Israel's prime minister, accustomed to unconditional US support, was shocked by Obama's action. He will get over it.

The United Nations Security Council's resolution on Friday denouncing Israeli settlements in the occupied West Bank came as a shock to Israel's Prime Minister Benjamin Netanyahu and his right-wing government.

Until the last minute, they had hoped that somehow, deus ex machina, Washington would veto the proposal. But the US abstained, allowing the resolution to be adopted by the 14 other council members.

It was not the first time the UNSC had passed a resolution against the Israeli occupation and its illegal policy of building and expanding Jewish settlements.

But on this occasion the resolution was much more focused. It emphasised the destructive role the settlements play in dividing and ruling the West Bank in order to prevent the establishment of a Palestinian state with a territorial continuity.

The resolution was also the first since 1980 that the US did not veto or prevent from being tabled.

The US decision to abstain reflects a long-standing policy to oppose the settlements. But it was also a personal act of vengeance and retaliation by President Barack Obama against Netanyahu. The White House put it mildly when it said Netanyahu's settlement policy was responsible for the UNSC resolution.

From Obama's first moments in the White House, Netanyahu conspired against him with the Republican majority in the US Congress. Despite being one of the most supportive and financially generous of presidents towards Israel, Obama was loathed by an ungrateful Netanyahu. The Israeli prime minister mouthed support for a two-state solution but did everything in his power to sabotage it. He also conspired with the Republican Party to derail the nuclear deal between Iran and the "P5 plus one" - that is, the five permanent members of the UNSC plus Germany.

Netanyahu's fury

Netanyahu and his cabinet, which had been taken hostage years ago by settlers who represent barely 10 percent of the Israeli-Jewish population, ignored the fact that the resolution was balanced. It called upon the Palestinians to stop incitement to violence and terrorism.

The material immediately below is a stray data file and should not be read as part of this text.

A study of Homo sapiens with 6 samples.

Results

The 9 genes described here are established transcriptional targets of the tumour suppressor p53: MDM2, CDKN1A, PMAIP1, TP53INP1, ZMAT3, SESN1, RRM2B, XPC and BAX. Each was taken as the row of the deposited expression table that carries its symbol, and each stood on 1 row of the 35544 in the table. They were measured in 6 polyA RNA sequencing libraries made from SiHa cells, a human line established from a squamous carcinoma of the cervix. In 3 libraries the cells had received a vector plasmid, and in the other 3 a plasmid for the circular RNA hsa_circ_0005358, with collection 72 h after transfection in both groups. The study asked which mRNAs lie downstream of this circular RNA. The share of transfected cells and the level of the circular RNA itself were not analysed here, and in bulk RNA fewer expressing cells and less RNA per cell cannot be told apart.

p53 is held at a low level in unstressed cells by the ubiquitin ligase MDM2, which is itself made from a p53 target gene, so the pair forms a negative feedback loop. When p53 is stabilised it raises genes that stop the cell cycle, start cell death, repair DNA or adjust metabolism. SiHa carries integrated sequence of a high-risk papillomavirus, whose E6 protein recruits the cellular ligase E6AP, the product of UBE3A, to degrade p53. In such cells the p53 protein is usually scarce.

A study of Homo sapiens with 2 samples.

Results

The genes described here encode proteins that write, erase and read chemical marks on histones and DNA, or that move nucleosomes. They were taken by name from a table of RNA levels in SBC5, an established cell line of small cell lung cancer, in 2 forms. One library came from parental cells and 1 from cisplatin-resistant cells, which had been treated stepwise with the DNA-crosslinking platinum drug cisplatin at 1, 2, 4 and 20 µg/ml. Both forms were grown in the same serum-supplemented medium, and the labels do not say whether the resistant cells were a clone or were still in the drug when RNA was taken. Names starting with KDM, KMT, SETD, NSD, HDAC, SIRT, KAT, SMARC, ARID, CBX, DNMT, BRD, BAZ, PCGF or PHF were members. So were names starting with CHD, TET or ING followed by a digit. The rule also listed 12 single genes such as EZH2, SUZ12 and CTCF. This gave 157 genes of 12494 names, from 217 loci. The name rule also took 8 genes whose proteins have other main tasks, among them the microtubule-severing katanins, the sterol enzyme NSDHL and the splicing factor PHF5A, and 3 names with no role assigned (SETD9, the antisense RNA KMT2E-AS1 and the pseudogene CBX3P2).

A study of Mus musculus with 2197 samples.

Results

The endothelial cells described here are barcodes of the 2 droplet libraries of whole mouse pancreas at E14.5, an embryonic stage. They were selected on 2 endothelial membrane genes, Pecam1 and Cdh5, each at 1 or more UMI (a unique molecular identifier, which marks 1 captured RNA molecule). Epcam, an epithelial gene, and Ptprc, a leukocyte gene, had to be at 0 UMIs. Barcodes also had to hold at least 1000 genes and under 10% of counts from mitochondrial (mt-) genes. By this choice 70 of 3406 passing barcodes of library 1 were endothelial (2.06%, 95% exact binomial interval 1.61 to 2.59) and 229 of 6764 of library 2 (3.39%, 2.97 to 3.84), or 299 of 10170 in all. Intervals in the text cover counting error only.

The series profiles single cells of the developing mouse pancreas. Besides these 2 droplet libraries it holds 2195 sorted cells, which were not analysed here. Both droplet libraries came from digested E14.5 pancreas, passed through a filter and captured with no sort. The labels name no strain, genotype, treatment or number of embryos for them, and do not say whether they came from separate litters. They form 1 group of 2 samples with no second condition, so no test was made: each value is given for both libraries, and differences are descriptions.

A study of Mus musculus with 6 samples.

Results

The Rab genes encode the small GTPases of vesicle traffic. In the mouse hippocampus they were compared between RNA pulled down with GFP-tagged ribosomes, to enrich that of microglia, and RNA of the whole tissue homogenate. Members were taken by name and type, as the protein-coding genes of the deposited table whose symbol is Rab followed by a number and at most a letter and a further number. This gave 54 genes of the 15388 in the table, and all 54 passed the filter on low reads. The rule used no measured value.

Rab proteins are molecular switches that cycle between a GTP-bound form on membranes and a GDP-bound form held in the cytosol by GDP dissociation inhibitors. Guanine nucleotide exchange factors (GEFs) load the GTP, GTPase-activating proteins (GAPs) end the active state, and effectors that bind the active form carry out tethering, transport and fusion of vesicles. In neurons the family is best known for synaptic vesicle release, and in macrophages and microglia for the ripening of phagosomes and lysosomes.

Yet Netanyahu expressed all his anger and frustration at Obama by twisting the truth and accused him of deviating from "traditional" US policy to always support Israel. The self-righteous Netanyahu convinced himself that unconditional US support for Israel is one of the Ten Commandments.

Paralysed by his fear of Vladimir Putin, whom he has repeatedly praised and described as a friend, Netanyahu totally ignored the fact that Russia also supported the resolution.

In a personal message, Netanyahu promised to ignore the UNSC resolution and retaliated by recalling Israel's ambassadors to New Zealand and Senegal, two nations that sponsored the motion.

Resolution falls short

As for the ramifications of the resolution on Israel and the Palestine, they are a double-edged sword. First of all, the resolution did not refer to chapter seven of the UN Charter, which talks about "threat to peace," and thus fell short of imposing international sanctions on Israel or its settlements.

Individual nations can use the resolution as a legal basis to justify their own decision to boycott the settlements and even Israel. But will they and to what extent? The resolution also serves as a tail wind for the BDS (boycott, divest, sanction) movement targeting the settlements and Israel.

The resolution is also a victory for the ageing Palestinian President Mahmoud Abbas and his strategy of using the diplomatic arena to combat the occupation. Abbas has recently been under tremendous pressure within his own Fatah movement and the larger Palestine Liberation Organisation to resign because his policies had failed and didn’t bring the Palestinians closer to nationhood.

But it is premature for the Palestinians to rejoice. Once he overcomes his shock, Netanyahu will most probably shift even further to the right and construct more settlements. He believes that next month, when Donald Trump enters the Oval Office, Israel will have a free hand to do what it likes. 

Yossi Melman is an Israeli security and intelligence commentator and co-author of Spies Against Armageddon.

The views expressed in this article belong to the author and do not necessarily reflect the editorial policy of Middle East Eye.

Photo: US President Barack Obama and Israeli Prime Minister Benjamin Netanyahu during the funeral of former Israeli president and prime minister Shimon Peres at the Mount Herzl national cemetery in Jerusalem on 30 September (AFP).

This article is available in French on Middle East Eye French edition.